Cardinal Cupich asserts unconditional right to life, even for murderers

Cardinal Blase Cupich speaks during Chicago's March for Life Jan. 14. Cupich told an Aug. 2 panel at an American Bar Association meeting that both capital punishment and abortion assume that "life is contingent, rooted not in the free and absolute gift of a sovereign and loving God, but in the discernment of relative worth by society." (CNS/Chicago Catholic/Karen Callaway)

Chicago — Praising Pope Francis' decision to revise church teaching to forbid the use of the death penalty in all cases, Cardinal Blase Cupich of Chicago argued that the right to life is unconditional, universal and God-given, even for those guilty of "monstrous crimes."

"Capital punishment only continues the cycle of violence and vengeance," he said. "If there is any lesson we need to learn in this perilous age, it is that taking a human life in the name of retribution does not bring justice and it doesn't bring closure, even if it may feel that way in the moment."

Cupich's remarks were part of a panel that tried to answer the question: "Has the Death Penalty Become an Anachronism?" In what appeared to be a lucky coincidence, the Aug. 2 panel at an annual American Bar Association meeting came just hours after the Vatican announced the change in the Catechism of the Catholic Church.

Other panelists noted that most countries have banned capital punishment, that the death penalty does not deter crime, and that it is applied inconsistently and arbitrarily, resulting in documented racial disparities. In some cases, the panelists said, it amounts to state-sponsored assisted suicide, while in others, innocent people have been killed.

Cupich made a moral argument, adopting the "seamless garment" philosophy of his predecessor, Cardinal Joseph Bernardin, and connecting the death penalty to the issue of abortion.

Although the moral weight of the two issues "differs greatly," since abortion involves the taking of innocent human life, Cupich said both issues force Catholics to reckon with church teachings on the dignity of the human person and the inalienable right to life.

Those teachings are often referenced in opposition to abortion but less prevalent in death penalty discussions, he said, adding: "That is, until today."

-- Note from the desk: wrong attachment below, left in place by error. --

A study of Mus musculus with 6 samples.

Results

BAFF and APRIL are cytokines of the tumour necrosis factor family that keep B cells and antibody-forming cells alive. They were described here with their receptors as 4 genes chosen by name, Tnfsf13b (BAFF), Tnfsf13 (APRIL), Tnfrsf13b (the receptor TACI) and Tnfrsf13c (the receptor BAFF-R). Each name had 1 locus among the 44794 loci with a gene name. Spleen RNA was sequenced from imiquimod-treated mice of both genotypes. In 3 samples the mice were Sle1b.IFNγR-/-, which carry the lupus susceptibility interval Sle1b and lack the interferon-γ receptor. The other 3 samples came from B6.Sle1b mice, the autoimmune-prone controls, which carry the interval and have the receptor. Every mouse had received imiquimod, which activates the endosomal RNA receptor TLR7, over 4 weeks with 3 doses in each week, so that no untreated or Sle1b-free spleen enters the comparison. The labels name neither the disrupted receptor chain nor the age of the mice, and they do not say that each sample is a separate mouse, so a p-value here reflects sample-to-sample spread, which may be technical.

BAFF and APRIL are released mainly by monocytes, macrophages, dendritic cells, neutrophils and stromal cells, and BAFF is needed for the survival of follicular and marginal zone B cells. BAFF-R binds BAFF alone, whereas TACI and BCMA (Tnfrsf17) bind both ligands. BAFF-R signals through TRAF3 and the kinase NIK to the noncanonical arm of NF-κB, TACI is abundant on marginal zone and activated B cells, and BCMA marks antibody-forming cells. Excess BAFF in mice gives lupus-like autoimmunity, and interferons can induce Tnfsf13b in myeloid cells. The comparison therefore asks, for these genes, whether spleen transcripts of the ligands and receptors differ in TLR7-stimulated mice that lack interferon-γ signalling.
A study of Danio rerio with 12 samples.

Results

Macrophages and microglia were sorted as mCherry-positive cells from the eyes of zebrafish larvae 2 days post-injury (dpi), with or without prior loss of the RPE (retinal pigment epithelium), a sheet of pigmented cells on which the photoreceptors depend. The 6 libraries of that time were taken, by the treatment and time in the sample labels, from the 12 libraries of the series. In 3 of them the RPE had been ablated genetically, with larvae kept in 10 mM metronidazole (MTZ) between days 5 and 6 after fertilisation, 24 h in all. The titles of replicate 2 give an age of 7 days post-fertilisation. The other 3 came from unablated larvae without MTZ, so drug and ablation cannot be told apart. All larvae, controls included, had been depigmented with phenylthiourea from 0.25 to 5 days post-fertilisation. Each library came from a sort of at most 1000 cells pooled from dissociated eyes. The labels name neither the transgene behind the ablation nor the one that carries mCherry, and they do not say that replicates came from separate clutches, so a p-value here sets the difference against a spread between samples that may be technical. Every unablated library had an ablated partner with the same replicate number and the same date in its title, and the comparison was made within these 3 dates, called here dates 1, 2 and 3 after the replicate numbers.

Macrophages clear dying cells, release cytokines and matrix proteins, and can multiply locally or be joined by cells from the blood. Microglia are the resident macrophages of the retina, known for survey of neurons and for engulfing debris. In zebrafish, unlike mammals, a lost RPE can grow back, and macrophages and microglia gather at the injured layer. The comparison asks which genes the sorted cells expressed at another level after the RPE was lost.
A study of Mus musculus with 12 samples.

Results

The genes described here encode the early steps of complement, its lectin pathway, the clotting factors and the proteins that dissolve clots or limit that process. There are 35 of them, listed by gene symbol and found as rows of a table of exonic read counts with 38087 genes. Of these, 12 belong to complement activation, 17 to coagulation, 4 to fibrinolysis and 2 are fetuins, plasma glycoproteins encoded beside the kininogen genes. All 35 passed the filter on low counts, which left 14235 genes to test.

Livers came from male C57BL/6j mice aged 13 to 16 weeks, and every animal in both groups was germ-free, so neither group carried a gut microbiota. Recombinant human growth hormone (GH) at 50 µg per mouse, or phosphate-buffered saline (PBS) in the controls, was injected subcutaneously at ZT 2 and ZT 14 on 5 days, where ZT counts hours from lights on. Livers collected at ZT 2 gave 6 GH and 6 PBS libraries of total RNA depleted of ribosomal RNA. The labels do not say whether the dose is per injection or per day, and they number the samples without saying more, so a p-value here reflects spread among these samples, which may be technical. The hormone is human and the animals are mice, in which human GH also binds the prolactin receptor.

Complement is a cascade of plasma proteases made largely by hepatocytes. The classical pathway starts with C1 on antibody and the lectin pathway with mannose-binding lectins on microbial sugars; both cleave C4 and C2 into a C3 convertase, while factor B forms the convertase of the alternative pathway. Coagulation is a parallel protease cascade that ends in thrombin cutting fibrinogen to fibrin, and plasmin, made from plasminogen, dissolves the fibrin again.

"The assertion that every human life has an inherent and inalienable value will only be strengthened if we apply this principle to the morality of defending both convicted criminals and the lives of the unborn," he said.

Instead, capital punishment and abortion assume that "life is contingent, rooted not in the free and absolute gift of a sovereign and loving God, but in the discernment of relative worth by society," Cupich said.

"Erasing the innate value of individual lives because of crimes committed, and removing such criminals from the human family, is an echo, I think, of the violence done to human dignity when pro-choice advocates imply that the life developing in the womb is not really human," he said.

Banning capital punishment could be a "powerful witness to the unconditional nature of the right to life" precisely because it protects the lives of "those who have been judged least worthy of its vindication," Cupich said.

Instead, a society that supports the death penalty says life is conditional, especially when secure prisons and a viable justice system can "virtually guarantee that those who have committed the most grievous acts against their fellow citizens will not pose a continuing danger to society," the cardinal said.

"Such a state, even if it does not intend to do so, inevitably weakens the ability of its citizens to defend the sacredness of human life against all the threats that imperil life in the present day," he said.

Although Americans' support for the death penalty had been declining since the 1970s, a Pew Research Center study found an uptick since 2016, with 54 percent agreeing with capital punishment for murder, and 39 percent opposed. Among Catholics, the numbers are similar: Fifty-three percent favor capital punishment, while 42 percent oppose it.

Death penalty support ticks up in 2018 after years of decline

Support for capital punishment may come from "impulses deep in the human heart" that include compassion for victims and a desire to restore the order of justice, Cupich said.

"At a profound human level, we tend to believe that by executing a murderer, we are somehow helping rebalance the scales of justice," he said.

But that argument is flawed, Cupich said. "The real tragedy of murder is that there is no way to rebalance the scales of justice, no way to bring life back to those who have been killed or to restore them to their grieving families," he said.

Cupich said the pope's move to expand previous papal teaching against the death penalty comes as no surprise, since Francis has previously criticized "penal populism," which promises to solve society's problems by "punishing crime instead of pursuing social justice."

The move also illustrates the possibility of the development of doctrine, Cupich said, quoting Francis: "The word of God cannot be mothballed like some old blanket in an attempt to keep insects at bay. Rather, it is a dynamic and living reality that develops and grows."

Since the Second Vatican Council, the church has emphasized the importance of Catholics' social commitments, especially to "the sanctity of life for the least worthy among us," the cardinal said.

"We are especially to be attentive to those who live at the margins of society, the poor, the vulnerable, the weak, those whose lives are at risk, including those on death row," Cupich said. "God's plan is to bring people together and to make sure that no one is left behind."

[Heidi Schlumpf is NCR national correspondent. Her email address is Follow her on Twitter @HeidiSchlumpf.]